The Economic Times of India has reported on Britain’s new call for curbs on migrant workers, as UK authorities this week urged companies to stop their “addiction” to recruiting foreign workers and hire local workers instead.
Thousands of Indian and other professionals migrate to the UK under the ‘intra-company transfer’ and other routes, which is seen by some as a loophole to avoid the immigration cap.
Speaking to Financial Times, Immigration Minister Damian Green claimed that the UK economy had become “addicted to immigration” and needed to kick the habit.
He said: “Like all addictions, it takes some time to wean people off but it’s good for you to be weaned off an addiction and it will be good for business in the long run if we have more of an instinct that’s…Let’s find a British worker and, if necessary, let’s train a British worker’.”
Denying criticism from business and industry leaders that tighter immigration rules were affecting the growth of the UK economy since it made it harder to recruit workers with the necessary skills, Green insisted that some sector will need to train more British workers and recruit them.
Green added: “If you have skills and talents that Britain needs, then absolutely, we welcome you with open arms. If you haven’t, then we don’t.”
Home Office figures show that the annual limit for non-EU workers of 21,700 has been under-subscribed, while the uncapped ‘intra-company transfer’ route has allowed in many Indian and other non-EU professionals.
Green last proposed setting a limit of £35,000 pounds annual salary for non-EU workers to qualify for permanent residency (ILR) in the UK at the end of the qualifying period of five years.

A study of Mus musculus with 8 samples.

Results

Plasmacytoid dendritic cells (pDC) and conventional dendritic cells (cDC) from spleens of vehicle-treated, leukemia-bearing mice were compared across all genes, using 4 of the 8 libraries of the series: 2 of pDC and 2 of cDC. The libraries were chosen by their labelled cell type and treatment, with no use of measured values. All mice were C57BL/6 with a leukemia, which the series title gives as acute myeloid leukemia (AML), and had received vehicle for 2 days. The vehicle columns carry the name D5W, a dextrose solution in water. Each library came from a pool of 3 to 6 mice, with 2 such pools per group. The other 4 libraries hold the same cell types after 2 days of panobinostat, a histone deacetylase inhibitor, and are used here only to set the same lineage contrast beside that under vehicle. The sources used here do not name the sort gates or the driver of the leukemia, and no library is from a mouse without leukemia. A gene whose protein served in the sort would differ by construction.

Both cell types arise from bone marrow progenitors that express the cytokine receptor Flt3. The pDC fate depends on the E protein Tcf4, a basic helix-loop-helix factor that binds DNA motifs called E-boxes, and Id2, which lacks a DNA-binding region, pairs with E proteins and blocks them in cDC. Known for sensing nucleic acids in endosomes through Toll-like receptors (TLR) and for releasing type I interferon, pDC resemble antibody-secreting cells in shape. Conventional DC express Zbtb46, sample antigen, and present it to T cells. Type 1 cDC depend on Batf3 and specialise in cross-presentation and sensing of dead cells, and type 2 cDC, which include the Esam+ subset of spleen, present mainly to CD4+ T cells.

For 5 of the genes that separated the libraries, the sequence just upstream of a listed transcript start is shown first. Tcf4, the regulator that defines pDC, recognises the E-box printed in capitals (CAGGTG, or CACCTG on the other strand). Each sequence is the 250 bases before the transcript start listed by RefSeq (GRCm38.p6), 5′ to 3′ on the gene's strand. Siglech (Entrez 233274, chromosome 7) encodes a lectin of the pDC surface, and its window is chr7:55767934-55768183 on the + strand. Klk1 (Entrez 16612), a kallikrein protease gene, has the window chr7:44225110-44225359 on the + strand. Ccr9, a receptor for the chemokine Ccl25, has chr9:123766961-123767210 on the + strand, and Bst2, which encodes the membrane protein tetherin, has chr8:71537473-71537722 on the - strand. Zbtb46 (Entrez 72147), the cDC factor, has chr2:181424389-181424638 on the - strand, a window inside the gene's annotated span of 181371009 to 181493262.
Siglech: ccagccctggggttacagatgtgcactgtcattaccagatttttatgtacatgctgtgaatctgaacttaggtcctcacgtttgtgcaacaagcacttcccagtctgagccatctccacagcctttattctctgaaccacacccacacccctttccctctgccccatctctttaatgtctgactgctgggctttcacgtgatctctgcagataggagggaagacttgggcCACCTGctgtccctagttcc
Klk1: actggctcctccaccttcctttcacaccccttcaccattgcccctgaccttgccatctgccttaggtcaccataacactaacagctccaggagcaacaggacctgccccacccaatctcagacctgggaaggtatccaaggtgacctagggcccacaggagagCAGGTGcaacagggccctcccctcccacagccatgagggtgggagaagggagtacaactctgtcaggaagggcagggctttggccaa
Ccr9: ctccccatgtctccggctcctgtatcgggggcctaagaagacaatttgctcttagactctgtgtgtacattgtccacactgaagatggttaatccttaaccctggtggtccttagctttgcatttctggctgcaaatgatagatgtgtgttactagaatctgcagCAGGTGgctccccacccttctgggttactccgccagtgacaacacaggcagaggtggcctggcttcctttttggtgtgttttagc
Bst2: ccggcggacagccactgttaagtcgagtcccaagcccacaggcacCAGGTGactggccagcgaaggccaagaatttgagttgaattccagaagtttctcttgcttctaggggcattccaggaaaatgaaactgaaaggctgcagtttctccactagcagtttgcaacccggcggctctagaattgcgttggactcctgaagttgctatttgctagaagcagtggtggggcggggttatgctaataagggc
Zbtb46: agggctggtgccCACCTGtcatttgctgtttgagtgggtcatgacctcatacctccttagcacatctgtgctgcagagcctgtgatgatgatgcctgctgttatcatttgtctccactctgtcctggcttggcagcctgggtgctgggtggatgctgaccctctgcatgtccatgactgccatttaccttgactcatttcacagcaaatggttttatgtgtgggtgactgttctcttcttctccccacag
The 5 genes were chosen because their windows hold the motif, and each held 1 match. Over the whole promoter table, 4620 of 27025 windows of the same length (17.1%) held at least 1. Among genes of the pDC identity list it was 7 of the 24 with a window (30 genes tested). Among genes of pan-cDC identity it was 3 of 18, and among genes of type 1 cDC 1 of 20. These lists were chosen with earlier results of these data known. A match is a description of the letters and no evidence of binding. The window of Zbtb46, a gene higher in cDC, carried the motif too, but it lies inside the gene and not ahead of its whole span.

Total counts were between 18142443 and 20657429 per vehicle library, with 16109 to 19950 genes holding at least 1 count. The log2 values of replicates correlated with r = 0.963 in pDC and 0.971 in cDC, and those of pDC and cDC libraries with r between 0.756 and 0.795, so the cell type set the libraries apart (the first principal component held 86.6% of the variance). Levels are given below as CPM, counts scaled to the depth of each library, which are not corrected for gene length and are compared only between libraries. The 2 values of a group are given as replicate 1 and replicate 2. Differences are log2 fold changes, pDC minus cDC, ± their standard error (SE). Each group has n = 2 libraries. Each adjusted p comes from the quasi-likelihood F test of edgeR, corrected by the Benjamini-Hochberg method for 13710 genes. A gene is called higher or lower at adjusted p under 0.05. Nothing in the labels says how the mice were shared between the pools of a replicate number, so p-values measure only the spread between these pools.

The problem for the government, which has pledged to slash net migration, is the unstoppable influx of EU migrants from Poland, Romania and Bulgaria.
Because the British authorities hands are tied by EEA laws, the recent visa changes do not affect EU migrants or Bulgarians and Romanians exercising treaty rights to study and work in the UK on Yellow Cards.
Non-EU students have also been hit by new measures to reduce net migration to the tens of thousands by the end of this Parliament.
International non-EU students are currently allowed work in the UK for 2 years after their studies have finished under the Tier 1 PSW (Post-study work) route. But from 6 April, a more ‘selective’ system will be implemented restricting the right to stay to international graduates who qualify under new rules.
Only those who ‘graduate from a university’, and have a skilled job offer with a minimum salary of £20,000 (or more in some cases) from a reputable employer accredited by the UK Border Agency, will be allowed to continue living and working in the UK.
At present there is still confusion over the rights of foreign students, some of whom can work 20 hours per week and some who cannot work at all, dependants of students and Romanians and Bulgarians.
If you need any immigration advice or help with Sponsorship or Work Permits, Visa, ILR/Settlement, Citizenship, dependant visa or an appeal against a refusal please email:
Majestic College offer special packages for EU students. They also have a number of employers looking for staff right now and are willing to employ Bulgarians and Romanians.
For more information call Joanna on 0208 207 1020 or email email@example.com
You could qualify for a tax refund if you are an overseas student, work permit holder, Tier 1, Yellow or Blue Card holder – in fact any visa type – even if you are no longer legal or even in the UK!